Definition

Promissory Note

What is a promissory note?

A promissory note is a written agreement under which one party agrees to pay the other party a defined sum of money at a pre-determined date. These can be considered as, legal, financial document used to facilitate transactions.

A promissory note may come in handy when a person has lent money to another person. In this case the borrower must sign a promissory note stating that he will repay the amount at a specified period in the future.

Put simply; a promissory note is like a promise to make a future payment by one of the parties in the agreement. This is one of the most used financial documents that people often sign while taking credit.

A promissory note may also be referred to as an IOU, a loan agreement, or a note. Issuing a promissory note creates a legal obligation for the borrower to repay the money at the mentioned time.

Summary
  • A promissory note is a legally binding under which one party agrees to pay the other a defined sum of money at a pre-determined time.
  • People often sign a promissory note while taking a loan.
  • When a borrower takes a loan, he may be asked to sign a promissory note, or a loan agreement that specifies the amount he must repay.

Frequently Asked Questions (FAQs)

How does a promissory note work?

Unlike a normal agreement, promissory notes are legally binding. Such a note should contain all the terms and conditions that are to be followed under the agreement. A promissory note stands valid only when there is an exchange of money.

The note must also contain information regarding how much amount is to be repaid, which includes the principal amount lent along with interest charged over it. It also includes the details about the penalties, the consequences of default as well as the time frame within which the payment must be made.

Once all the conditional details are written, both the payee and issuer must sign the document. This now becomes a legal document or a legal promissory note that must be adhered to. This document remains valid till the time full payment is not done and the conditions have been met. When it ends before the condition is met, the only instance is when there is a mutual understanding between the parties. Promissory notes allow for the possibility of renegotiation.

What are the types of promissory notes?

Unlike other forms of legal financial document, a promissory note not only acknowledges that there is debt but also lists out by when it should be paid. However, depending on the details of the agreement, a promissory note can be of two types:

  • Secured promissory note: Just like in the case of loans, secured promissory notes require a collateral. At times, promissory notes may not be enough to secure a loan. However, the condition of having a collateral makes the promissory note agreement stronger and more enforceable.

If the borrower is unable to repay the amount, then the collateral can be taken away from him. The issuer can then sell the collateral to recover the loan amount that had been lent. The collateral can be tangible or intangible. Tangible collateral refers to property, vehicles, machinery, or other assets that are physically present. Intangible assets include those assets which cannot be physically felt but they exist on paper. This includes equity, bonds, and other tradeable assets.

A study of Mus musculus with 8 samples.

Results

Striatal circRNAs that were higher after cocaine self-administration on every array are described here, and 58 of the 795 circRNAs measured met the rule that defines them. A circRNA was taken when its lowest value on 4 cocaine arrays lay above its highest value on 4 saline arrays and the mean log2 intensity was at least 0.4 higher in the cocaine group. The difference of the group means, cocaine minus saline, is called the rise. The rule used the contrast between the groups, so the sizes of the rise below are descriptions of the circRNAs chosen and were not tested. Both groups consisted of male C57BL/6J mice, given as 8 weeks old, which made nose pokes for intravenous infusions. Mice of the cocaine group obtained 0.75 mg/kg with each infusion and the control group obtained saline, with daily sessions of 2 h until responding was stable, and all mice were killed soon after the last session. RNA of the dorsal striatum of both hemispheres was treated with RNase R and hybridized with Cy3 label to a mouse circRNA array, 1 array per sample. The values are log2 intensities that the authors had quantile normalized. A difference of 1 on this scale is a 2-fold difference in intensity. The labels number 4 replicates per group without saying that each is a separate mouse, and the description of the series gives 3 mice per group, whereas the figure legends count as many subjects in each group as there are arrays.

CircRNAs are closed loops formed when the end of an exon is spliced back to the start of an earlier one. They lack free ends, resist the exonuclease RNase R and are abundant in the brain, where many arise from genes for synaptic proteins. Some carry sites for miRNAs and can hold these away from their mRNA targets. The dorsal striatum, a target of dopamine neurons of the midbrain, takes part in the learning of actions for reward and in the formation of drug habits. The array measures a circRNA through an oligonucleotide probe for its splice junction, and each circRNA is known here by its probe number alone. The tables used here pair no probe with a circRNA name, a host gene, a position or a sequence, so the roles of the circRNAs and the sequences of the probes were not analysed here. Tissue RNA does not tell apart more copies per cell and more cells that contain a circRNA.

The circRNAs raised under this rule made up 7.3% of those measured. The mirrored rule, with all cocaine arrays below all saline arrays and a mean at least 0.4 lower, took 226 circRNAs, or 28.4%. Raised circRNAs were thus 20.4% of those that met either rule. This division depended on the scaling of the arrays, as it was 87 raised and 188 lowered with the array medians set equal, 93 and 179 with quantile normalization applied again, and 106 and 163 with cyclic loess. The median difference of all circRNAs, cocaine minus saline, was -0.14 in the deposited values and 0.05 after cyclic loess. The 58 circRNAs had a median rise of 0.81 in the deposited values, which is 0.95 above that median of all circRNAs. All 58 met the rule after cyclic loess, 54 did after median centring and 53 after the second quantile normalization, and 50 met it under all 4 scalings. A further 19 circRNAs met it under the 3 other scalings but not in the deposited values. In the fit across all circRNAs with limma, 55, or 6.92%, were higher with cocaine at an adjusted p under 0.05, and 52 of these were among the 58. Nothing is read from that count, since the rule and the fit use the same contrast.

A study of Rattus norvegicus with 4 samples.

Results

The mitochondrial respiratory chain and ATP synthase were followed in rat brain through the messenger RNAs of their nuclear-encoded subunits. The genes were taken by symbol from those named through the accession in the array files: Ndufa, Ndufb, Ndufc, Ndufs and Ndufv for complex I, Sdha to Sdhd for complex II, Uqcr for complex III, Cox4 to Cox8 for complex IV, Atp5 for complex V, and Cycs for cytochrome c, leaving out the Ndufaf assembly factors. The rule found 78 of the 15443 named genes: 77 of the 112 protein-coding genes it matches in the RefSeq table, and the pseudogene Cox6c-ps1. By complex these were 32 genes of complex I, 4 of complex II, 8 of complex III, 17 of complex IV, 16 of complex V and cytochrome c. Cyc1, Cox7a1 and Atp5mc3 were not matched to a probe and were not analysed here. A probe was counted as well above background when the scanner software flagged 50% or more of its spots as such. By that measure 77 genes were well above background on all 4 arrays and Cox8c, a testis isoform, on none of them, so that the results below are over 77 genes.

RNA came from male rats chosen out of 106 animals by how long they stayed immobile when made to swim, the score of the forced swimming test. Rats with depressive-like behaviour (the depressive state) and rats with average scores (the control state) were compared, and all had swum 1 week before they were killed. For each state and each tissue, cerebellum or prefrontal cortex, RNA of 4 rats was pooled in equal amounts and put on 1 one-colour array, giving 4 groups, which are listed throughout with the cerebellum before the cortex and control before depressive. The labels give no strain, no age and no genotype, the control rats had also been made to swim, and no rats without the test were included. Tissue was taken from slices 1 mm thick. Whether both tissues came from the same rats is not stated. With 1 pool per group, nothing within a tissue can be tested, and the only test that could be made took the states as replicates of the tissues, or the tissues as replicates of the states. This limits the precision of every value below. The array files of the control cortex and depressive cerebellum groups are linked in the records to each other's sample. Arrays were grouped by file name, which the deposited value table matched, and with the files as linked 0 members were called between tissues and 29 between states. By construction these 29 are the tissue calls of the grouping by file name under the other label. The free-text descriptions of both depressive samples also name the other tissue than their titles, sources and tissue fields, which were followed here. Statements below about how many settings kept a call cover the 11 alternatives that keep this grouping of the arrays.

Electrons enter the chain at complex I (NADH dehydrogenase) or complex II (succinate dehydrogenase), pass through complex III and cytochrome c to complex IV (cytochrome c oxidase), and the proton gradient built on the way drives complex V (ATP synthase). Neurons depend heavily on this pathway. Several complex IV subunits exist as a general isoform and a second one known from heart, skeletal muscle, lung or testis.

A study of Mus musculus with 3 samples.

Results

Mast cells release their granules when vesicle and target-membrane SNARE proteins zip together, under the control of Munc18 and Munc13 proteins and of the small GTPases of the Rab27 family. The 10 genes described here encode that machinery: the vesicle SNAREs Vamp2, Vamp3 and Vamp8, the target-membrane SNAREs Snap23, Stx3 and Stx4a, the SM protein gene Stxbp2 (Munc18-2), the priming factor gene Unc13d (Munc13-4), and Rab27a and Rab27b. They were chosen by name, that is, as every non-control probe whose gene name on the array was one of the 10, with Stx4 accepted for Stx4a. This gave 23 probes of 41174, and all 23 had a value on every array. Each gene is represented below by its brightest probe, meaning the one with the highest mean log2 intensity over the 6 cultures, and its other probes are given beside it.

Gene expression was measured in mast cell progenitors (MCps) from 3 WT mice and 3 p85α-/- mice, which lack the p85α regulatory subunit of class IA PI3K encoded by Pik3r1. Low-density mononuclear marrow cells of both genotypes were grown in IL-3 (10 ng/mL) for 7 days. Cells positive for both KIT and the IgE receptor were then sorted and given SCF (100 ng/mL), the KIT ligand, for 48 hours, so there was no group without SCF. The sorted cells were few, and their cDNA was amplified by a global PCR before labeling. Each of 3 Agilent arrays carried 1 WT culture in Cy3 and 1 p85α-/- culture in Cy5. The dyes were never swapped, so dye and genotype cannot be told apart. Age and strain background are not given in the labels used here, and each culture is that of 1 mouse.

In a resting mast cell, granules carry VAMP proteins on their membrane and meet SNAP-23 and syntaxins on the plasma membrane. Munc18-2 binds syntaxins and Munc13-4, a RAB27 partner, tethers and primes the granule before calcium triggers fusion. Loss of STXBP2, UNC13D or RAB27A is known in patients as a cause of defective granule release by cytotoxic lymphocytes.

Sometimes a third-party guarantee may also be required to ensure that the lender makes the payment. The third-party guarantor is held liable in case of any defaults in the repayment.

 

  • Unsecured promissory note: These do not have an underlying collateral. Thus, the lender may not be able to recover his money in case of repayment default. These are riskier than secured loans for the same reason. However, with no collateral condition, lenders often charge a higher interest rate because of the higher level of risk involved in the note. 

 

Who can issue a promissory note?

Any person with sound legal knowledge can write a promissory note. However, it is advisable to hire a lawyer who can protect the lender from all potential loopholes in the agreement. This ensures that the agreement is secure and is legally binding.

Additionally, government-imposed laws may change how enforceable a promissory note is. Thus, the conditions being placed in the agreement should be made keeping in mind the government-imposed guidelines as well. One such guideline is the maximum interest rate that a lender can charge. The mentioned interest rates must reflect the fair market value. Hence it might be a good idea to hire a lawyer who is aware about these restrictions. Additionally, a tax professional may also be able to guide individuals on how much interest to charge.

How different are promissory notes from mortgages?

A loan and promissory notes are similar in many aspects. However, a loan is much more detailed and a more formal agreement than a promissory note. Thus, a promissory note may be required when a mortgage repayment is to be made. However, holding a promissory note alone does not entitle one to receive mortgage payment.

Additionally, promissory notes alone are not publicly recorded. However, in the case of a mortgage, every aspect of the loan is recorded in the public records. The promissory note is just a promise to repay the amount while the mortgage details the course of action once the payee defaults.